Pyramid Lake Paiute Tribe’s Loni Romo overcomes challenges to achieve her goals
This story was first published in the August 2017 edition of First Nation’s Focus.
RENO, Nev. — Loni Romo knows a thing or two about adapting to tough situations.
Romo, 32, an enrolled member of Pyramid Lake Paiute Tribe, is a mother of two who recently graduated with the Class of 2017 from the University of Nevada, Reno.
“My dream job would be working strictly with Native students,” Romo said in an interview with First Nation’s Focus in June. “I would just love to be able to see our own succeed.”
Romo’s path to higher education is not your traditional story — taking the scenic route is how she describes her journey.
Growing up in Wadsworth, Nevada, she, like many other Native children, attended Natchez Elementary School.
“All of the cultural aspects were my favorite part about going to Natchez,” Romo said.
When junior high approached, with hopes to better prepare herself for high school, Romo decided to attend school 20 miles away in Fernley.
Soon after transferring, Romo realized school was different off the reservation.
“I was considered ‘the Native girl,’” Romo said.
Because she was away from home and family, she said she began to get discouraged, only doing enough with her studies to get by in order to be eligible for sports.
Romo’s path took an unexpected turn when she gave birth to her first daughter, Michaela, the summer before her junior year in high school.
Romo was determined to finish high school more than ever, but that was easier said than done, considering she was now a teen mother on top of being a student.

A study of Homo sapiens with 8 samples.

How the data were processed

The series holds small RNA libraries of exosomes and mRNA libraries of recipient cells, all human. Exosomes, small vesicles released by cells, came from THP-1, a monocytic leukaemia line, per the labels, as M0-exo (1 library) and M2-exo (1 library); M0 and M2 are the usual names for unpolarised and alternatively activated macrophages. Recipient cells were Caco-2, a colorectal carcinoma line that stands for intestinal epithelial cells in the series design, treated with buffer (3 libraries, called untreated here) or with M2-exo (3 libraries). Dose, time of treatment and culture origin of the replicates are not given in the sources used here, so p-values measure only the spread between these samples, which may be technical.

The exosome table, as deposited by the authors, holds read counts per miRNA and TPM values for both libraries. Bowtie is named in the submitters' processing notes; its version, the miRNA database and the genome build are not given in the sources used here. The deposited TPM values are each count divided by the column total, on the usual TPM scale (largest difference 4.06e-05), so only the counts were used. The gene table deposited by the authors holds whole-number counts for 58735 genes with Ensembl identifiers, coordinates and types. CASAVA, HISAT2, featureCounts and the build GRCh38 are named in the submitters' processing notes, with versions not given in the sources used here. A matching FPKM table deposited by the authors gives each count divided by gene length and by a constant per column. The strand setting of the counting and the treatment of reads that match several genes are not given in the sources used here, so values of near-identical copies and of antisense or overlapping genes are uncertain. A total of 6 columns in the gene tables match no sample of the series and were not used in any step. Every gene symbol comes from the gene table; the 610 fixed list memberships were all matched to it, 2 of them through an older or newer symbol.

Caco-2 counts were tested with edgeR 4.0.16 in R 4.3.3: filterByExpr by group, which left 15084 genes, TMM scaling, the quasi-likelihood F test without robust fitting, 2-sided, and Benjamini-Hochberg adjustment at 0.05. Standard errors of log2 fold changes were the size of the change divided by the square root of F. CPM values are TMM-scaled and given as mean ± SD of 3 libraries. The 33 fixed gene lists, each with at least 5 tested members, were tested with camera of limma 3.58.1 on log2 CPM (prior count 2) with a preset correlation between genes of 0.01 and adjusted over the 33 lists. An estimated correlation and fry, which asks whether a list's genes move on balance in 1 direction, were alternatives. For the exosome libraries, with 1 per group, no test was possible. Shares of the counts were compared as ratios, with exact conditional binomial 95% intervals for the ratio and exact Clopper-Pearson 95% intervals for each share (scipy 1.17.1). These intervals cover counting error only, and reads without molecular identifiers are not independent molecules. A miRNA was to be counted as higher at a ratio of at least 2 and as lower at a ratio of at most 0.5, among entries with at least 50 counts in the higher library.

“Dealing with people who were so negative, saying I was a typical Indian girl who was never going to amount to anything, was hard,” Romo said. “I was damn sure I was not going to drop out of school.”
Despite the odds stacked against her, Romo graduated on time. After receiving her diploma, Romo’s counselor approached her to say, “I can’t believe you actually did it,” she recalled.
Romo was at a loss for words — not only at his comment, but more so because it was one of the few times her counselor had spoken to her.
After graduation, Romo attended Truckee Meadows Community College to receive her Associate of Arts in General Studies.
She then took a job working with Native youth as a Student Graduation Advocate for high school students in the Washoe County School District.
During that time, Romo had her second daughter, Emileigh.
“While I was working in all these schools, I would tell my students to go to college, but yet I wasn’t leading by example,” Romo said.
After being unexpectedly laid off, Romo had the urge to go back to school, this time attending UNR.
The first semester back at college was a difficult one. Romo was placed on academic probation, and she nearly had to dis-enroll.
But that scare lit a fire underneath her, she recalled.
“I couldn’t stop. I knew I had to finish to be where I want to be,” Romo said.
After a few years, she graduated with her Bachelor of Science Degree in Human Development and Family Studies.
Yet, Romo’s educational journey is not over. She was accepted this summer into graduate school at UNR for Counseling and Education Psychology.
Her dream is to work specifically with Native American students, so she can see more of her own people continue their pathway to a higher education.
Jarrette Werk (Aaniiih) is a journalism student at the University of Nevada, Reno, who worked this summer for the Sierra Nevada Media Group as an intern, writing and taking photos for First Nation’s Focus.
AB264 was just one of eight Tribal-related bills that have either been signed into law this session, or were adopted by the Legislature and await Sisolak’s approval, highlighting one of the most successful legislative sessions in the history of Nevada in terms of Native American affairs.